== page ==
The PC maker is not mincing words in its latest effort to stem customer defections in its Intel-based server business.

    Compaq Computer is not mincing words in its latest effort to stem customer defections in its Intel-based server business.

    With the "Dell Win Back" program it began discussing publicly last week, Compaq is taking direct aim at its chief rival, organizing a virtual "SWAT" team of a dozen Compaq executives ready to help its sales force and resellers win back or protect Fortune 500 accounts.

    The market for servers that use a combination of Intel chips and Windows software is growing quickly, but Dell Computer has been grabbing much of that business, analysts say. Big-ticket servers have grown increasingly important to computer makers as fierce competition has narrowed profit margins on desktop computers.

    Compaq says it has gained back customers lost to Dell in the "double digits" since it launched the Dell Win Back effort two months ago. Analysts say that despite Compaq's strong product offering, however, Dell's advantages are proving tough to beat.

    "Dell can provide the lowest price points and speed of delivery because of the direct model," said David Bailey, an analyst at Gerard Klauer Mattison.

    Dell spokesman Jerele Neeld said his company must be doing something right to get such attention from Compaq.

    "We must be taking quite a lot of business from them if they've got a specific program for it," Neeld said. Dell said it has no comparable program specifically aimed at the market leader, but he said Dell does have a more general plan for winning new business.

    Compaq said it has not added any new staff for the Dell Win Back program, which targets accounts that would already have an account manager assigned to them.

    "We have the resources," said Compaq spokesman Arch Currid. "It wasn't a resource issue. It was a focus (issue)."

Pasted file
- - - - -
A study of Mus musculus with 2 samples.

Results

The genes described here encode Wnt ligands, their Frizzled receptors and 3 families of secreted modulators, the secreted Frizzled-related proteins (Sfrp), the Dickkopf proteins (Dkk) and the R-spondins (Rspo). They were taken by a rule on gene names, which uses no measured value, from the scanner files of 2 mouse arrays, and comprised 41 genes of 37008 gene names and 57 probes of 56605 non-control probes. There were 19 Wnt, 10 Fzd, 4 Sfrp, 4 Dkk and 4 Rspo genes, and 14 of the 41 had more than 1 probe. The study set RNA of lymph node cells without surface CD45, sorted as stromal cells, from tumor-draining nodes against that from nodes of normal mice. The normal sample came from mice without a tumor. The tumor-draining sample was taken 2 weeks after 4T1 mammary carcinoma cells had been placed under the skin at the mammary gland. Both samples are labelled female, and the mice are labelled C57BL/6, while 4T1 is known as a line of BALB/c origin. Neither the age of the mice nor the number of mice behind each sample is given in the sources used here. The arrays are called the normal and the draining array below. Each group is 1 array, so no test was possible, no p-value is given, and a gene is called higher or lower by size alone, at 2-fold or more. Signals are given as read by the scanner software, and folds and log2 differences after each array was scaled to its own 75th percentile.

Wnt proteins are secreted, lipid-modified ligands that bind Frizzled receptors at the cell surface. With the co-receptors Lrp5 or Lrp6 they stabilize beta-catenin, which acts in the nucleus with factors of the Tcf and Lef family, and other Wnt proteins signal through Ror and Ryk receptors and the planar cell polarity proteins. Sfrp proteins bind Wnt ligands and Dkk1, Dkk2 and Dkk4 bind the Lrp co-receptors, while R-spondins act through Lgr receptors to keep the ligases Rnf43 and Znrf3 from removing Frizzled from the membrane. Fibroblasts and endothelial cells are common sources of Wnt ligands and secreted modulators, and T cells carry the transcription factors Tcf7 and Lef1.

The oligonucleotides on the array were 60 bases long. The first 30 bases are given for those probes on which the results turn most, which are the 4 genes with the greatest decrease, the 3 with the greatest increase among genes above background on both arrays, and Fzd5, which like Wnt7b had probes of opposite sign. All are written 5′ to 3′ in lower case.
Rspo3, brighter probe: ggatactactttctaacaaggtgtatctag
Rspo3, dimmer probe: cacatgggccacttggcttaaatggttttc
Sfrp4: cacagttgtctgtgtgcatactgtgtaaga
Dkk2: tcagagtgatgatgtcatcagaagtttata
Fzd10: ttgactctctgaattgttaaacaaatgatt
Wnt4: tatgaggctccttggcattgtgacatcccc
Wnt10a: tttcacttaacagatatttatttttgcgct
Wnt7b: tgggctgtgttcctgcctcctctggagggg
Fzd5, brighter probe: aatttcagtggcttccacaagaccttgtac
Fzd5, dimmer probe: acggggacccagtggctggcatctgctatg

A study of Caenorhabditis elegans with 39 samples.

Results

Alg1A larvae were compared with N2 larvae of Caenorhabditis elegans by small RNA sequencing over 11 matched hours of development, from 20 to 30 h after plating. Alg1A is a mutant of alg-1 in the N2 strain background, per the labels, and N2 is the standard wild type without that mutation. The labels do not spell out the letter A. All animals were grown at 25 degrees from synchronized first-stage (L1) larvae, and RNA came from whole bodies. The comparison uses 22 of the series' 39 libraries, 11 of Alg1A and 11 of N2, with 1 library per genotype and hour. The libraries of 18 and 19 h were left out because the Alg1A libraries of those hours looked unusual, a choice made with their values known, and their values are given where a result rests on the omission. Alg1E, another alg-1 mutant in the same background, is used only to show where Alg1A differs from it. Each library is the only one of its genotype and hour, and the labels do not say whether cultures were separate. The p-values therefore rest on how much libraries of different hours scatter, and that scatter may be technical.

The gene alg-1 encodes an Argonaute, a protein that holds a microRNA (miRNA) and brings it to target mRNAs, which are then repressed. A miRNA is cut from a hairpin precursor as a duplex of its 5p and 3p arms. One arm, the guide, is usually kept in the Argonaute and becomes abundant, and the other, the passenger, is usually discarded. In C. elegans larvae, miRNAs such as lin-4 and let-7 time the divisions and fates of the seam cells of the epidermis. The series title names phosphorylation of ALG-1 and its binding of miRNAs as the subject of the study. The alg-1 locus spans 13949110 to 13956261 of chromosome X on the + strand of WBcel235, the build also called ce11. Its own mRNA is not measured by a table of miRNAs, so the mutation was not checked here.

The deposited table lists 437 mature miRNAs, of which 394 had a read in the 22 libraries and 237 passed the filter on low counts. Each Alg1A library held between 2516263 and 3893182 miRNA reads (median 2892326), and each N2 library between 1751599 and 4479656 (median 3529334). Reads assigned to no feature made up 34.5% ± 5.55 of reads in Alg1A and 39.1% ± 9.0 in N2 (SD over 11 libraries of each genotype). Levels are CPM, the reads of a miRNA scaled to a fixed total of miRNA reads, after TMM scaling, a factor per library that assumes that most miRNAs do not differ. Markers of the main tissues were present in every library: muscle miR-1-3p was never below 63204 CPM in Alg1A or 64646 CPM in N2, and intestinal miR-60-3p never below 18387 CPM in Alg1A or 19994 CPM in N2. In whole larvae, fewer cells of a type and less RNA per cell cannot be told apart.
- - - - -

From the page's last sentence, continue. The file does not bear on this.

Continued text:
Currid said Compaq is trying to be more responsive. For example, if customers have pressing delivery needs, Compaq wants to bring in logistics specialists to make sure the customers' needs are met. Currid said the one thing Compaq won't sacrifice to win back business is profitability.

    "We didn't do it with Amazon," he said. "It's not a good business."

    Compaq was left in the cold when Amazon last month announced that it was turning to Hewlett-Packard to supply 90 percent of the hardware needed to run the e-commerce giant. Compaq and Sun Microsystems had been providing Amazon's computing muscle.

    The trouble for Compaq is that Dell can go after business profitably at a much lower price, analysts say.

    US Bancorp Piper Jaffray analyst Ashok Kumar said Compaq will be hard-pressed to displace Dell, given that Dell's margins are about twice that of Compaq's.

    "Going forward, the best Compaq can do is probably grow with the market, as opposed to gaining share at the expense of Dell," Kumar said.

    Compaq's greatest strength is at the high end of the Intel server market, said Donaldson Lufkin & Jenrette analyst Kevin McCarthy.

    "Fortunately for Compaq, they're still perceived to be a pretty good technology company," McCarthy said. "I think they do better on a relative basis at the high end."

    Bailey said he is pleased to see Compaq targeting the fast-growing Intel server market. He said Compaq's product lineup is strong, and the company can be competitive if it can improve its pricing and delivery.

    "I think it's far from certain they will be able to do that," he added.